I use powerful mathematical tools to better measure, model, and understand our ocean and our planet.
The ocean circulation plays a crucial role in Earth's climate and biosphere. However, our understanding of the ocean circulation is limited because the ocean is dominated by turbulent vortices and jets on scales ranging from tens to thousands of kilometres that are notoriously difficult to represent accurately in numerical models. As such, the problem of effectively measuring and modelling turbulence in the ocean remains a critical challenge to our ability to accurately predict future climate change. I am interested in measuring, modelling and understanding turbulent mixing and stirring and its role in the ocean and the climate. Specifically, I study:
Employment and Education:
Available Student Projects:
I am very interested to talk to potential Honours, Masters, and Ph.D. students who are interested in working in the field of Mathematical Oceanography. Information on scholarships for Australian and International students is available from the Graduate Research School.
Turbulent eddies in the ocean tend to stretch and deform fronts of temperature and chlorophyll into strikingly convoluted, fractal-like patterns that are visibile from space. This fractal structure provides a fingerprint of the underlying flow and is intimately linked with the processes of stirring and mixing in the ocean. In this project, we will investigate the theoretical connection between the fractal geometry of fronts in turbulent flows and diffusion across the front, with the goal of developing a parameterisation of mixing in numerical ocean and climate models.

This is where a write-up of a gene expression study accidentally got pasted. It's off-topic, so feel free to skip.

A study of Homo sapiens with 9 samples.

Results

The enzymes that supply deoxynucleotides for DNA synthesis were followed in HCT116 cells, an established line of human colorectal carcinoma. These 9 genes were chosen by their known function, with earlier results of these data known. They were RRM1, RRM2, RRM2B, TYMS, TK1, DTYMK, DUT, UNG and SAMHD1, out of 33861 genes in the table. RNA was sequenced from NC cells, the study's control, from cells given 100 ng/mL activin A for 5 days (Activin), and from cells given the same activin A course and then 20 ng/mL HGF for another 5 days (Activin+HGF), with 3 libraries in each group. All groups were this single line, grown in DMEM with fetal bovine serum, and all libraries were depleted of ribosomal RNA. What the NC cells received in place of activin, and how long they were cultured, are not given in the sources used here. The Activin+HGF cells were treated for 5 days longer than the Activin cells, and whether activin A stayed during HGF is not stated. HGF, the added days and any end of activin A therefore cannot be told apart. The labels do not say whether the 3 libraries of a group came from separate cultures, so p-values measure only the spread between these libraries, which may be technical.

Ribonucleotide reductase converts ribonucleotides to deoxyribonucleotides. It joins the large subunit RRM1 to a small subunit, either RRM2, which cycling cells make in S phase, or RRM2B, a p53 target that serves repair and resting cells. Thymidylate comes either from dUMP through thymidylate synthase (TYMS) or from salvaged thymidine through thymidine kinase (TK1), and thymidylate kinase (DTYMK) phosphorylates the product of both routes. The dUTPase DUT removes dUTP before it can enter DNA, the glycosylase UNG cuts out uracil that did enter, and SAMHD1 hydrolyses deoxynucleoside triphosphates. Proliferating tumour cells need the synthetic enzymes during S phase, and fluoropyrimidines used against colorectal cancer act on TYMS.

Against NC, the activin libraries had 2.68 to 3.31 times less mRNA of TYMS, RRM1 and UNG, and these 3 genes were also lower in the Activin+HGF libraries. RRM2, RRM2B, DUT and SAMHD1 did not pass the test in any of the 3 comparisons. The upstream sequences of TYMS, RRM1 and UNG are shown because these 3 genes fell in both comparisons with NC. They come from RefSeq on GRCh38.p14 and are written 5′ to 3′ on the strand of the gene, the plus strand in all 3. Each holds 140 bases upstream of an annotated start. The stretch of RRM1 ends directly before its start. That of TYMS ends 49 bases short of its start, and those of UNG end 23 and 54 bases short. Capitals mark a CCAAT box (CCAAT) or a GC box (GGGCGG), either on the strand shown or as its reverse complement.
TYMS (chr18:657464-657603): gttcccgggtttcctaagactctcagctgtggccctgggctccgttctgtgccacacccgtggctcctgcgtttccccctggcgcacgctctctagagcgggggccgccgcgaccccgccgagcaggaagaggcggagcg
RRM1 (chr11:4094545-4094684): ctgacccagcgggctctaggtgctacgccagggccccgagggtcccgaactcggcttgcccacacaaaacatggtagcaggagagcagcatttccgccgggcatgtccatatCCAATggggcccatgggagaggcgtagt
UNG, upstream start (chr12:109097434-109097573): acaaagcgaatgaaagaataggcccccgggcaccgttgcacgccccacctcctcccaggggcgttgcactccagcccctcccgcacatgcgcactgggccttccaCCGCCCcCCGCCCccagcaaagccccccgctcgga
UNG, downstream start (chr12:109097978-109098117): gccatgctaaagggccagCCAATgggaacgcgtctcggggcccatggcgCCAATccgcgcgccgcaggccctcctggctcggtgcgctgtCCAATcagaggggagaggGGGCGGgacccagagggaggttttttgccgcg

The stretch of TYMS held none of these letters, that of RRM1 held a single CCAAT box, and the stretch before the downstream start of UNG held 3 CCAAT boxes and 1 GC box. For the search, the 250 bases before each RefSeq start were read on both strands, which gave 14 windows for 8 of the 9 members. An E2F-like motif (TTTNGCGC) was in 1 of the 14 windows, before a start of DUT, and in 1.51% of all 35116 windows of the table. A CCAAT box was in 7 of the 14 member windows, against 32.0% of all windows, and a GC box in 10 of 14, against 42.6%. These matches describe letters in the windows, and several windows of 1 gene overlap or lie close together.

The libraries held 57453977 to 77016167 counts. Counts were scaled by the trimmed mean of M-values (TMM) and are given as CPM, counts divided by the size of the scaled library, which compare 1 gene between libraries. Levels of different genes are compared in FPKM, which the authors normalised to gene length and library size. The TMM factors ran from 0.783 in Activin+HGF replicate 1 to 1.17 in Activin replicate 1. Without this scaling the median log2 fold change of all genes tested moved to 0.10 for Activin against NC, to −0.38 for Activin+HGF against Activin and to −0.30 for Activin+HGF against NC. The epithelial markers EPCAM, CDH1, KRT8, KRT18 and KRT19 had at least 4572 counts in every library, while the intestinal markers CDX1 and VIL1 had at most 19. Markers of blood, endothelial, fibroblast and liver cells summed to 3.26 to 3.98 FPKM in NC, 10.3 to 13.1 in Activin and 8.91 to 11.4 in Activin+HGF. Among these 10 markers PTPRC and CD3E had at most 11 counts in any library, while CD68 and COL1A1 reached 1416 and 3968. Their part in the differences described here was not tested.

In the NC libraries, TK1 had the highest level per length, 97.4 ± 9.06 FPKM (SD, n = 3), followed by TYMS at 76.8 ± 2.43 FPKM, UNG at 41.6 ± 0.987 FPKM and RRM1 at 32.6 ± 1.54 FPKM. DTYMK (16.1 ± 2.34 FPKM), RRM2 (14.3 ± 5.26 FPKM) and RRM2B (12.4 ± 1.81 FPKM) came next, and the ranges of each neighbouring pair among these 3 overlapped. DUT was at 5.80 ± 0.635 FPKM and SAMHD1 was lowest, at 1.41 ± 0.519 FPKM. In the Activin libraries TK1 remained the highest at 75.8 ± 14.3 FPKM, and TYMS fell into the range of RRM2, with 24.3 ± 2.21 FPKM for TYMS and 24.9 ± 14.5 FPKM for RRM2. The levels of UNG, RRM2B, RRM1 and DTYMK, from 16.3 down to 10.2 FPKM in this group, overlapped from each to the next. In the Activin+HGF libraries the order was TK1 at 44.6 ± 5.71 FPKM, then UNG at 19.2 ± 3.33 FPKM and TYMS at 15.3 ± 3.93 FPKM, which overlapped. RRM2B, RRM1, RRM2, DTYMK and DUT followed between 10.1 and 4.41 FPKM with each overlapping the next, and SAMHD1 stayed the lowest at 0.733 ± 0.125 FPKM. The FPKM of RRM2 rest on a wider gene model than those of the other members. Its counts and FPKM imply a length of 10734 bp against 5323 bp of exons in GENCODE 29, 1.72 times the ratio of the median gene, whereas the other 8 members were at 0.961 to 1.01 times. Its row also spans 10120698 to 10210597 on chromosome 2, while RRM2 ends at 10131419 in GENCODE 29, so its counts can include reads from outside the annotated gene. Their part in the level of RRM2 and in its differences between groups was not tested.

Submesoscale ocean dynamics (~100m to 100km) play a critical but poorly understood role in the ocean, from planet-scale to plankton scale. The impact of submesoscale fronts on heat and carbon exchange between the deep ocean and the atmosphere represents a key uncertainty in Earth's climate. Submesoscale eddies modulate the ocean food chain from top predators to phytoplankton. And submesocales strongly impact the dispersion of ocean-borne material such as nutrients, marine biota, and pollutants. Research topics in this area include
Ocean dynamics as a driver of productivity. The student will configure a coupled hydrodynamic biogeochemical version of the Regional Ocean Modeling System to understand the role of submesoscale eddies in the 3D distribution of chlorophyll-a in the East Australian Current.
Diagnosing submesoscale ocean eddies. The student will use a combination of ocean model output and observational data from coastal radar, moorings, and satellite observations to quantify the properties of submesoscale eddies, including lifespan, size, and shedding frequencies.
Stochastic parameterization of submesoscale. The student will examine novel stochastic and Lagrangian methods for representing unresolved submesoscale dynamics in ocean climate models. The methods will be tested using both numerical and observational ocean data.
See here for more information on projects in submesoscale ocean dynamics and scholarship opportunities.